Google Pulls Huawei's License for Android, Apps After US Blacklisting

A new report this weekend says that Google has suspended business with the Chinese tech firm after US blacklist
John Loeffler

Google has reportedly suspended some of its business with Chinese tech giant Huawei after US President Donald Trump added Huawei to a US trading blacklist.

Huawei Loses Access to Proprietary Android OS, Play Store

A new report from Reuters today says that Google has cut some business ties to Chinese tech giant Huawei following the US government placing the company on a trade blacklist.


The Trump Administration added Huawei to the blacklist on Thursday, placing immediate restrictions on the company that severely restrict the ability of other businesses to work with them. These restrictions appear to be driving Google's decision to cut some ties with Huawei, specifically any business that provides Huawei access, technical support, and other arrangements around Google popular line of apps and its Android mobile OS.

The move doesn't appear to have come as a surprise to Huawei, who has been working on developing its own software and technology in case the US succeeded in chasing off potential business partnerships.

"No matter what happens, the Android Community does not have any legal right to block any company from accessing its open-source license,” said Eric Xu, the rotating chairman of Huawei, in an interview with Reuters in March.

Owners of Huawei devices running the Android OS will continue to have access to Google App Updates through Google Play, but future Huawei devices will not be able to download these apps from the app store. While Huawei can still run the open source Android OS on their phones through Google's open source license, but this does not cover the use and access to Google's line of apps, which requires a separate business agreement which Huawei will no longer be able to get.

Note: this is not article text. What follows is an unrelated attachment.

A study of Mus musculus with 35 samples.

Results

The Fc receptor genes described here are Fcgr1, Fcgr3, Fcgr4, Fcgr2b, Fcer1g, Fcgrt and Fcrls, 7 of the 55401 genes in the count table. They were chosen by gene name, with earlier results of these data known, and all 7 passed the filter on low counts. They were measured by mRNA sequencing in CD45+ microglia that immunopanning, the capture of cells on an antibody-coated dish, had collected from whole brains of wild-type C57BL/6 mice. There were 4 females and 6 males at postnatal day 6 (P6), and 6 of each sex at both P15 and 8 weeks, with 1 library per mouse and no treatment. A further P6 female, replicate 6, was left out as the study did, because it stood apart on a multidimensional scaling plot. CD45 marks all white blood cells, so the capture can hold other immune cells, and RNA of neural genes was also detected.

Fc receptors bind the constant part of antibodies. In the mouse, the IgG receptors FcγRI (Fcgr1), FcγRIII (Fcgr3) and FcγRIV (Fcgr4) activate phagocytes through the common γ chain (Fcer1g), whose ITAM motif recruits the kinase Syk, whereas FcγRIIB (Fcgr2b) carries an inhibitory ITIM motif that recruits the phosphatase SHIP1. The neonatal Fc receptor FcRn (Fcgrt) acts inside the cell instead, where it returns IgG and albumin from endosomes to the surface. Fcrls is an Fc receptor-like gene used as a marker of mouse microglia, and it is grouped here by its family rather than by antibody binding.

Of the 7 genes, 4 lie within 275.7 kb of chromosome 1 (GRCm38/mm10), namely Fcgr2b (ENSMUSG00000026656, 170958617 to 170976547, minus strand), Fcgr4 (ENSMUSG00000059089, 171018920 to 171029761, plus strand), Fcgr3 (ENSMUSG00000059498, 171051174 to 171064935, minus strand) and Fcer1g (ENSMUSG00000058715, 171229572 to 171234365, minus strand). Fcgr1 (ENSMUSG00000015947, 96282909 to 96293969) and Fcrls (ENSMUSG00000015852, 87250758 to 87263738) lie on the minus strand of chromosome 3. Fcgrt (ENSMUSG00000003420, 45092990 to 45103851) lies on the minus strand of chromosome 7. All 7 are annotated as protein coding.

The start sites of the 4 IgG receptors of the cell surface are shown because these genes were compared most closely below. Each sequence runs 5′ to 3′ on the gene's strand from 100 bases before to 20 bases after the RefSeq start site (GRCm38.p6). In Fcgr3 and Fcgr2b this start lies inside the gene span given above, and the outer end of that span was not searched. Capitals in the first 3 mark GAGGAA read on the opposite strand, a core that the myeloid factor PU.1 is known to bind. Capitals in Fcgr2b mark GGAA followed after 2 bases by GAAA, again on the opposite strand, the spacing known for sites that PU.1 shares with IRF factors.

The impact of the blacklist will likely be limited in China, Huawei's biggest market, as a majority of Google's apps are already banned in China and competitor products from Weibo and Tencent have a position of market dominance.

The sale of Huawei's devices in the US is already restricted, so there isn't likely to be any real harm on revenue from sales in the US. The primary concern for Huawei will be the company's global supply chain, which will have to revisit whatever arrangements they have with the company to avoid running afoul of US restrictions.

Another important factor is the company's presence in Europe, it's second largest market. Unlike in China, Google's App line-up is popular in Europe and customers might decide to take a pass on Huawei's products if they cannot access products like Gmail and YouTube. “Having those apps is critical for smartphone makers to stay competitive in regions like Europe,” said Geoff Blaber, CCS Insight's vice president of research.